Europe's ailing currency union approved its second bailout for Greece in less than two years, signing off on a $170-billion rescue package early Tuesday after weeks of bickering and rising ill feeling between Athens and other regional capitals.
The deal should help ward off the specter of an imminent Greek default, which threatened to occur as early as next month and to throw global markets into turmoil.
But the price for Greece is a fresh round of punishing austerity cuts that its parliament approved last week, despite an economy already gutted by previous belt-tightening measures. The new bailout also comes amid stark warnings that it still may not do much to lighten the burden of debt that Athens is staggering under.
Finance ministers from the 17 countries that share the euro currency sealed the agreement in Brussels after 13 hours of negotiations. In a sign of the mutual mistrust that has deepened of late, the ministers demanded that Greece set up a special escrow account for money to be spent on servicing its debt and not on other public expenditures such as teacher salaries.
Despite the heavy demands being made of it, including the relinquishment of some fiscal and economic sovereignty, Greece welcomed the bailout package, which it needs most urgently to make a bond repayment that comes due next month. Without the rescue funds, Athens would be forced to declare bankruptcy.
"The Greek people [are] sending Europe the message that they have, and they will, make the necessary sacrifices in order for our country to regain its place within the European family," Evangelos Venizelos, Greece's finance minister, said in a statement before the marathon negotiating session. "For Greeks, this is a matter of national dignity and a national strategic choice."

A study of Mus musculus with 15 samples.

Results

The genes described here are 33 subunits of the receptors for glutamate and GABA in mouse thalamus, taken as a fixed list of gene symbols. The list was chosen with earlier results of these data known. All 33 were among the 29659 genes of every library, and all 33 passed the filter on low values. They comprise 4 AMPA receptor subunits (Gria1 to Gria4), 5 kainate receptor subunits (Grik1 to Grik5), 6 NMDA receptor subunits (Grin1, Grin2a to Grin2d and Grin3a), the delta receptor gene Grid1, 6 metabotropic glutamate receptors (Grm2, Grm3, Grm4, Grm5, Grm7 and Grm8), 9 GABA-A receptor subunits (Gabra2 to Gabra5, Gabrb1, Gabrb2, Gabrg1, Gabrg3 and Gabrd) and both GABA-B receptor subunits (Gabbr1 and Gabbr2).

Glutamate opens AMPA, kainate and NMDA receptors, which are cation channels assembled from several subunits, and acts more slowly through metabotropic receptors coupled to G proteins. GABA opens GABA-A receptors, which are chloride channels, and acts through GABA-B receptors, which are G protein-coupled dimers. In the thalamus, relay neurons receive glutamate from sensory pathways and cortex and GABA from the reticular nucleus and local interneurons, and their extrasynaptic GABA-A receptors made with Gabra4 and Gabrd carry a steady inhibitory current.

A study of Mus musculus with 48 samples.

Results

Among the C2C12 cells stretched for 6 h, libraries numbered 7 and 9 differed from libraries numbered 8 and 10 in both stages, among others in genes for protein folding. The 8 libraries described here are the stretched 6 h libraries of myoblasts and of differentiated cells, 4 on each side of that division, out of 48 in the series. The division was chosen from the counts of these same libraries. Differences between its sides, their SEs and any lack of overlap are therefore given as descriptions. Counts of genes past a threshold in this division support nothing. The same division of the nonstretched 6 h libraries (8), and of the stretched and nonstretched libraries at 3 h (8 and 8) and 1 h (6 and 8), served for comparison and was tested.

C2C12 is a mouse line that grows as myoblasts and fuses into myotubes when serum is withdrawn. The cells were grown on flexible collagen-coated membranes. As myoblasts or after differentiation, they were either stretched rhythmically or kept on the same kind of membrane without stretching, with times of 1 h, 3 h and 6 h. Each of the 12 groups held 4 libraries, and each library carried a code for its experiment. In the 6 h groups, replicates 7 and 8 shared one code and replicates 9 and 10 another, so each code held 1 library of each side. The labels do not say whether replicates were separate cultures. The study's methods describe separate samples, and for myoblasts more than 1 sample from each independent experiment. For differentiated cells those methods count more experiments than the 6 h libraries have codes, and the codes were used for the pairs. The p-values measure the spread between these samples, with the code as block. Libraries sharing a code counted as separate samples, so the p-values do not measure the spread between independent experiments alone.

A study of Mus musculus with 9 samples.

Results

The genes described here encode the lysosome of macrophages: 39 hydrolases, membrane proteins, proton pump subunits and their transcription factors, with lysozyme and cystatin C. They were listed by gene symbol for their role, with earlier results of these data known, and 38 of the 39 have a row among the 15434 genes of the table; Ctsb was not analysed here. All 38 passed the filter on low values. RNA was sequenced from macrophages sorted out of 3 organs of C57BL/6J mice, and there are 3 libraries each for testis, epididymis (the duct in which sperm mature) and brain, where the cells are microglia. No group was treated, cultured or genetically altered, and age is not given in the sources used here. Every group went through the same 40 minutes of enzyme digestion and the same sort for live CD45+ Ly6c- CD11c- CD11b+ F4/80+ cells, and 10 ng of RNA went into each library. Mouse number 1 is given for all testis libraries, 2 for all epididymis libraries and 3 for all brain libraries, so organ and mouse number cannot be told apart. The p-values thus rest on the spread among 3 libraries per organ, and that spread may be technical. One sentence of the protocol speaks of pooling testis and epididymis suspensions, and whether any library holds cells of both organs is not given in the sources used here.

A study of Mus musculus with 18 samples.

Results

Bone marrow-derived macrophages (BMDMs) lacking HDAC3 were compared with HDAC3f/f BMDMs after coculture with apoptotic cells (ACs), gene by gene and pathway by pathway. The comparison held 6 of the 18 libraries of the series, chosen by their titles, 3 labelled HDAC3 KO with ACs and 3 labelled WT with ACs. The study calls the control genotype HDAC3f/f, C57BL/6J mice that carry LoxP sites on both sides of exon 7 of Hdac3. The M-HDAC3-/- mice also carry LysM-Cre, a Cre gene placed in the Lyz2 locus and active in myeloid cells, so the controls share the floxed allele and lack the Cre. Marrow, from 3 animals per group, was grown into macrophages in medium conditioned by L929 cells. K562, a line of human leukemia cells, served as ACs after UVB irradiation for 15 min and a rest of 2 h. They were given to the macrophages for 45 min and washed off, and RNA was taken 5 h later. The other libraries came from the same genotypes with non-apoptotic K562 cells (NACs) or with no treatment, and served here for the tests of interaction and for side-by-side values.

The agreement envisages a larger-than-anticipated contribution by private creditors to debt relief for Greece, to bring the country's overall debt level down to 120.5% of gross domestic product by 2020. Creditors are expected to take a 53.5% write-down on their holdings of Greek bonds, up from the 50% being negotiated just a few days ago.
Talks with bondholders have dragged on for months, but officials are hopeful they can be concluded within the coming days.
Also, interest rates on the emergency loans from Greece's first bailout are being lowered.
None of the bailout's elements, however, directly address the increasingly desperate need for a return to economic growth, without which Athens will find it impossible to pay off its debts. Greece is already into its fifth year of severe recession; last year, its economy shrank by nearly 7%.
Many analysts say that the German-led insistence on even more austerity for Greece — about $4 billion worth of cuts in the latest round, including steep wage reductions and thousands of public-sector layoffs — merely threatens to bury the country in an even deeper hole.
"What the Greek economy is going through basically is a massive demand shock," said Simon Tilford, chief economist at the Center for European Reform in London. "Unless they help the Greek economy back to growth, then I don't think there's any chance of the Greeks being able to abide by the terms of this bailout."